A federal study will attempt to determine how many more people might die or be hospitalized during this flu season because of the shortage of flu vaccine. Some experts foresee thousands more flu-related deaths than usual.
By Jan. 1, researchers for the national Centers for Disease Control and Prevention in Atlanta plan to gather enough mortality and morbidity statistics from around the country to gauge what impact the lack of vaccine might have on fatalities from the influenza virus, which usually peaks during the winter.
"We don't currently have any estimates, and we're working on trying to get those estimates," said William W. Thompson, a CDC epidemiologist overseeing the review. "We estimate there's hospitalization and death rates for people who are vaccinated and those not yet vaccinated, and then we estimate some difference between that number to come up with the relative impact of not having the vaccine."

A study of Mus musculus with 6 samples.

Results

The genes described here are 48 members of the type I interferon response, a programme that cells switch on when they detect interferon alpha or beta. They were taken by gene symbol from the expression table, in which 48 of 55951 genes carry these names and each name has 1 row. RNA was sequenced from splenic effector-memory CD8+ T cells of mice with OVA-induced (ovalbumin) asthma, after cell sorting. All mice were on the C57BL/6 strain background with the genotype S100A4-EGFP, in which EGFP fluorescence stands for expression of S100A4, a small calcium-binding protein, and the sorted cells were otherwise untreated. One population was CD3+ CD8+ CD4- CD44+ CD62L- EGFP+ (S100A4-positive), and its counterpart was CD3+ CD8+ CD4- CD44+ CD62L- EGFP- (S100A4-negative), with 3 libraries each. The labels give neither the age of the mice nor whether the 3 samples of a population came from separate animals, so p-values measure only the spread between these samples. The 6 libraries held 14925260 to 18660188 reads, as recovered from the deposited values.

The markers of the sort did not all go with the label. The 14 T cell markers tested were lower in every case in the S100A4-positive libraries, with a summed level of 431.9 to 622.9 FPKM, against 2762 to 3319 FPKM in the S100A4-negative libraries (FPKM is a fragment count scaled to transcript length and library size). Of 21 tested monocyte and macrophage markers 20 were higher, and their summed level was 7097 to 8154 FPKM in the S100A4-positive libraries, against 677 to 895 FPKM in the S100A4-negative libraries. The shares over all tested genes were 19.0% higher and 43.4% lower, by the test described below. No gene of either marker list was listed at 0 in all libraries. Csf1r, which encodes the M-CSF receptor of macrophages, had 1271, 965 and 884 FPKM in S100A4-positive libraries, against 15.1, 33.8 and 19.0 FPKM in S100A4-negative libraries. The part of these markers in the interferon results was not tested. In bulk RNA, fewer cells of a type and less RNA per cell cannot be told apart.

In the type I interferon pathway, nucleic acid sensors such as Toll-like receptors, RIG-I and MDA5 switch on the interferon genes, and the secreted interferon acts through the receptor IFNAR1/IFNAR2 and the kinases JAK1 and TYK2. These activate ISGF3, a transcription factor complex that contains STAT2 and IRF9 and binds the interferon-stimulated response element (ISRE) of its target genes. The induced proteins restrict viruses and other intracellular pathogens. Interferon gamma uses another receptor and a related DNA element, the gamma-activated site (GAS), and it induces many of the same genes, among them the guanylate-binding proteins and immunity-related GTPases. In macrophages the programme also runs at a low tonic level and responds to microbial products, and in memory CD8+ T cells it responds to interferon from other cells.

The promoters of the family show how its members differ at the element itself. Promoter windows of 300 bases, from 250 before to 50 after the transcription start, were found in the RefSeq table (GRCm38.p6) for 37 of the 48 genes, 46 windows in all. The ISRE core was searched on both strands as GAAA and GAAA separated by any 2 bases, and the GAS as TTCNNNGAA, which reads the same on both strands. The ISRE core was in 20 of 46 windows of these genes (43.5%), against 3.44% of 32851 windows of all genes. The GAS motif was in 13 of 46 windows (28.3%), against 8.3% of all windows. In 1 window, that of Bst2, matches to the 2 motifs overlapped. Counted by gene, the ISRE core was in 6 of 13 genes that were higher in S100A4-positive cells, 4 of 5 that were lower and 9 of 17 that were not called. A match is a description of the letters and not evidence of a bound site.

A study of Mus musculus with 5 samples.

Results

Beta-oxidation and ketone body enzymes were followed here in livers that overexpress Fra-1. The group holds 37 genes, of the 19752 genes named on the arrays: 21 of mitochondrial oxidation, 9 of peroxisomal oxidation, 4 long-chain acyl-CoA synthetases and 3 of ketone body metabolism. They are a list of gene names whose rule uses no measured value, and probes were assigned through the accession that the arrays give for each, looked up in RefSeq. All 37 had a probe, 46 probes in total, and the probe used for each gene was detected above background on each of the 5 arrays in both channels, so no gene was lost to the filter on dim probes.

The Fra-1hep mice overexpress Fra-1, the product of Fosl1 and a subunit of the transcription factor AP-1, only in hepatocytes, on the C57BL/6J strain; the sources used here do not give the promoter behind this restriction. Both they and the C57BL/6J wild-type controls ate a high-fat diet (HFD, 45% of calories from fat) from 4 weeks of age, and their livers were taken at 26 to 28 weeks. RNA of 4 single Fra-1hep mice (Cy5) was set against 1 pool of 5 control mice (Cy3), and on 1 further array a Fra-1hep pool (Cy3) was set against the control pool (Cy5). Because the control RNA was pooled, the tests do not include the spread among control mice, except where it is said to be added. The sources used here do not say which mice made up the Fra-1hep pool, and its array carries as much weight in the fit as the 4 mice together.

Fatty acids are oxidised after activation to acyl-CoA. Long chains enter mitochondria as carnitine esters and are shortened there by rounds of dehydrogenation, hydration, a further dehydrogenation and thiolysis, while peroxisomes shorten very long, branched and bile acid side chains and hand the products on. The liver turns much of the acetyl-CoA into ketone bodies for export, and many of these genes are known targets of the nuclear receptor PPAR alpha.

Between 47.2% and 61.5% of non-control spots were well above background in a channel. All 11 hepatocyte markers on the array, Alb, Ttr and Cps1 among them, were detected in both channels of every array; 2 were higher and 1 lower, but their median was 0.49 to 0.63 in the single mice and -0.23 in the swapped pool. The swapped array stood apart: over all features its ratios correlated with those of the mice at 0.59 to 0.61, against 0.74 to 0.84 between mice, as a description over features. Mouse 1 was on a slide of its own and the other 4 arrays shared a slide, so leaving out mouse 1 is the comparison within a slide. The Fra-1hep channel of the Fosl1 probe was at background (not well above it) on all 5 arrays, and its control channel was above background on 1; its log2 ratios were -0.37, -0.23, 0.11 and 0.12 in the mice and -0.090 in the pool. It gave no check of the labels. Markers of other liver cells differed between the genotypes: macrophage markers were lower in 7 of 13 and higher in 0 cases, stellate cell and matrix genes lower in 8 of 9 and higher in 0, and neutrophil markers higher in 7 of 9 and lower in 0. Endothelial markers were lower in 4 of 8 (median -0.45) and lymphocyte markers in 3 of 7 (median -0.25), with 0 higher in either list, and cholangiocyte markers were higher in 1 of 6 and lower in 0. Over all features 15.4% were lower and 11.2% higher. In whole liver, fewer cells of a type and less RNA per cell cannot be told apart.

A Dutch study published this week in the Journal of the American Medical Association found that those age 65 or older who got flu shots were 22 percent less likely to die than those who went unvaccinated. The study tracked 26,000 people for seven years. Experts say the results underline the seriousness of this year's shortage in the United States.
Federal health authorities have said that 48 million doses produced at a Liverpool, England, factory owned by Chiron Corp. - about half of the nation's supply of flu vaccine for this season - would be unusable because of contamination problems, which sent authorities scrambling to find additional doses from other suppliers.
Medical studies of past flu seasons have found that about 36,000 people in the United States die annually of flu-related illnesses and that about 114,000 are hospitalized. Recent annual flu death tolls vary from about 15,000 to a record 46,000 in 1998-1999.
Wire services contributed to this article. Newsday is a Tribune Publishing newspaper.